Sure, New York City parents still worry about their teens having sex, drinking and smoking — but the kids are far more interested in smartphones and video games like Pokémon and Grand Theft Auto, a new survey has found.
Nearly half of city teens — 45.6 percent — spend at least three hours a day playing their computer or video games, according to the 2015 biennial Youth Risk Behavior Survey conducted by the federal Centers for Disease Control.
That’s up from 41.7 percent in 2013 and 28.1 percent in 2005. The city teen rate of game-playing is 4 points higher than the national average.
At the same time, more city teens are just saying no to sex, booze and tobacco.
The percentage of city high-schoolers who have had sex fell from 31.2 percent in 2013 to 27.2 percent in 2015 — a record low since the CDC began surveying ninth- through 12th-graders in 1997.
The rate in the city is a significant 14 points point lower than the national average of 41.2 percent.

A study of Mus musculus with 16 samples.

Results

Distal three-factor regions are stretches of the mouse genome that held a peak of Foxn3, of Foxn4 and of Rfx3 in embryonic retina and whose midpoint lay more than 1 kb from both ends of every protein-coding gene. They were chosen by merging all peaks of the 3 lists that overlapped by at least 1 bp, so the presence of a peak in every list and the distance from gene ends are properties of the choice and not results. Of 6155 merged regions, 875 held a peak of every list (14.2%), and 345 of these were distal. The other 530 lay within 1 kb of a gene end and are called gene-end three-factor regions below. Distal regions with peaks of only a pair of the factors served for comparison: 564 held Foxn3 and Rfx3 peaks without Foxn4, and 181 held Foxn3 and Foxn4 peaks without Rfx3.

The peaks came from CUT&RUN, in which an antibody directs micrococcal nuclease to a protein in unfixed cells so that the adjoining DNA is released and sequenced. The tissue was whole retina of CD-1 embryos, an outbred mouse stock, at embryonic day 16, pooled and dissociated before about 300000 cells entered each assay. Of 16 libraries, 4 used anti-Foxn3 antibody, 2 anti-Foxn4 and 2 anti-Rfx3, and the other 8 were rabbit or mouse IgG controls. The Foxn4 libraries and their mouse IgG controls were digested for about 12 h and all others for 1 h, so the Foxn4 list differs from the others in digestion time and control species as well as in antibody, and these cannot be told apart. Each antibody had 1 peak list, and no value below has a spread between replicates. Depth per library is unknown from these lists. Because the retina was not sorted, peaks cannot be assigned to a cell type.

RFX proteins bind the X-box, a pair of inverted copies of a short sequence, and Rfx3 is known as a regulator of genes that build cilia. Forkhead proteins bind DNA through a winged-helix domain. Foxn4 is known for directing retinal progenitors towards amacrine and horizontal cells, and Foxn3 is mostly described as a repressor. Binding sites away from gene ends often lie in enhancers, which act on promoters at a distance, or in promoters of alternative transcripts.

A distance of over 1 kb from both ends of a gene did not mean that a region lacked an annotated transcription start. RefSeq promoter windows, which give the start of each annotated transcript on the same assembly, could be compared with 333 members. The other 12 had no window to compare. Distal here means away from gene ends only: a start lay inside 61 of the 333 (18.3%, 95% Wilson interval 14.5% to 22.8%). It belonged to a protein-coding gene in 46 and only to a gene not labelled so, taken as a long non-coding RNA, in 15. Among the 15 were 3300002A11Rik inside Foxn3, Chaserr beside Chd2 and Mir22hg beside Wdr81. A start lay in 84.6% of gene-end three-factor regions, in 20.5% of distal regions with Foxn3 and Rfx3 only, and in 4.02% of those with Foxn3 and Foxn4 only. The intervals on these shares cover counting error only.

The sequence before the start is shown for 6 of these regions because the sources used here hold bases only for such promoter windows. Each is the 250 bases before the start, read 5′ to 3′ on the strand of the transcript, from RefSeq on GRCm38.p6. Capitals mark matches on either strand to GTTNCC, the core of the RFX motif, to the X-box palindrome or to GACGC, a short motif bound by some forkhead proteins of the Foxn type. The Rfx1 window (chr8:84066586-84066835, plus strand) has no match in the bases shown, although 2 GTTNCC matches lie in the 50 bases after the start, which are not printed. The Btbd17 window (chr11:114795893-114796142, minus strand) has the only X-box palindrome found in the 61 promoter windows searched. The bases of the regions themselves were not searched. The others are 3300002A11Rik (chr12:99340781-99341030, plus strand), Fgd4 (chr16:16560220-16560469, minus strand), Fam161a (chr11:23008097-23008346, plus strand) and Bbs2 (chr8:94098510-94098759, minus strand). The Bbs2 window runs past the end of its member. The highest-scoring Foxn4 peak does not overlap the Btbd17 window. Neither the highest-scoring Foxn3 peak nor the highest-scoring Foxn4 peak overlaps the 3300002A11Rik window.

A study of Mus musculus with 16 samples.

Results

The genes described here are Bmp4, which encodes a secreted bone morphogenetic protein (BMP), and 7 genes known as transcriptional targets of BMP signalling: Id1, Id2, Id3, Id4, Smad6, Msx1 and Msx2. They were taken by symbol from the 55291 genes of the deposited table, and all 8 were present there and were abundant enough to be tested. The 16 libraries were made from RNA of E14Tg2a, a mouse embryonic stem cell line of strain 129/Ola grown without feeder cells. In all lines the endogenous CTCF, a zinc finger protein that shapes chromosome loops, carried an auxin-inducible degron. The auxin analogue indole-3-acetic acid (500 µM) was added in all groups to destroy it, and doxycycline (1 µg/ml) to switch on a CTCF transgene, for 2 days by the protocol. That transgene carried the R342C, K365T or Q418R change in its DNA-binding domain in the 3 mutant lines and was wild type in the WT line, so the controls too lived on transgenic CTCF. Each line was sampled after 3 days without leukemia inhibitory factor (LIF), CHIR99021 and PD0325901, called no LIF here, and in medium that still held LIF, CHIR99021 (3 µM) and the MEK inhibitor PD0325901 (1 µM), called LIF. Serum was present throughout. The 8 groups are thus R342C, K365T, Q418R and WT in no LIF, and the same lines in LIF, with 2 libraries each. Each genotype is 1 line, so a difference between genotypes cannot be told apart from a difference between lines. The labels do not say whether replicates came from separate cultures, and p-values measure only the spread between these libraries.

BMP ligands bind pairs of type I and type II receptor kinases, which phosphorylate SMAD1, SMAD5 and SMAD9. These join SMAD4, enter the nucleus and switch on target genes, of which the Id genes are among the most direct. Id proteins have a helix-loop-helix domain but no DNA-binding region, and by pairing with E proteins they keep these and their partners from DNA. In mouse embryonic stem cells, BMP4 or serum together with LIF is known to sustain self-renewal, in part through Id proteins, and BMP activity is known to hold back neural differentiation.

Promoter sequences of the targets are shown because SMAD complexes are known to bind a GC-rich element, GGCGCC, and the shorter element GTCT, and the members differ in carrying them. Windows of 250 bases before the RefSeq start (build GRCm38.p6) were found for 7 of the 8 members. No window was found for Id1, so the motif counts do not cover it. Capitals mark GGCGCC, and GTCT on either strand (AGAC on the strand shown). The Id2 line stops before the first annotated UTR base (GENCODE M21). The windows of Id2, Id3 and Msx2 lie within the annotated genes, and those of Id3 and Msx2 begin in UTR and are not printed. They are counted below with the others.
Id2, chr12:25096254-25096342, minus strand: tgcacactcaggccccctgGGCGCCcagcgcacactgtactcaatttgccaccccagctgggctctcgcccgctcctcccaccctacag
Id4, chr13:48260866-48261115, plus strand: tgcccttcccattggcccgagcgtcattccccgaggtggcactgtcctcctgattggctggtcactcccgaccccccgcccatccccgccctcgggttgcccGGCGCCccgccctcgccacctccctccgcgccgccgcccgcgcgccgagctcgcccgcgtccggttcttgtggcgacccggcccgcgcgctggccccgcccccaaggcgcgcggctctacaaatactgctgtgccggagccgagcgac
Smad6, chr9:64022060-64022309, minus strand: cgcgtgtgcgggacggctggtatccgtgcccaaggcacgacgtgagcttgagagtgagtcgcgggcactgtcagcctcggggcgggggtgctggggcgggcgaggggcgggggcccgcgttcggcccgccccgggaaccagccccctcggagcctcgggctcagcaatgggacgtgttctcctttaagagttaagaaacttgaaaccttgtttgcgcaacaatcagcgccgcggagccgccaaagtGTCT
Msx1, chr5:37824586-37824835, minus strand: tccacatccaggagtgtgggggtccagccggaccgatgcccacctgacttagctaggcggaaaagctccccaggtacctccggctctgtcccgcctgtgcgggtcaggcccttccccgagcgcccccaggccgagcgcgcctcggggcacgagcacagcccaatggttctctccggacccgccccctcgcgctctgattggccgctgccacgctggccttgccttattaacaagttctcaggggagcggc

Only 20.9 percent of city kids said they had drunk alcohol in the prior 30 days, down from 24.7 percent in 2013 and 41.8 percent in 2001.
The tobacco-smoking rate also dropped from 8.2 percent in 2013 to 5.8 percent in 2015, a continuation of a downward trend.
But one in six New York City teens — 15.9 percent — are now inhaling nicotine-laced vaporized products, such as e-cigarettes.
City health officials noted that given the ease of access to the Internet and availability of mobile devices, it’s not surprising that teens are spending more time playing video games.
Officials are concerned that hours of sedentary game-playing comes at the expense of healthy exercise.
Meanwhile, city policies banning or discouraging smoking have helped drive down the teen smoking rate, officials said.
“The decline in tobacco smoking among city teens in recent years is significant and can be largely attributed to comprehensive tobacco-control measures implemented, such as restricting access and increasing prices of tobacco,” the Health Department said in a statement.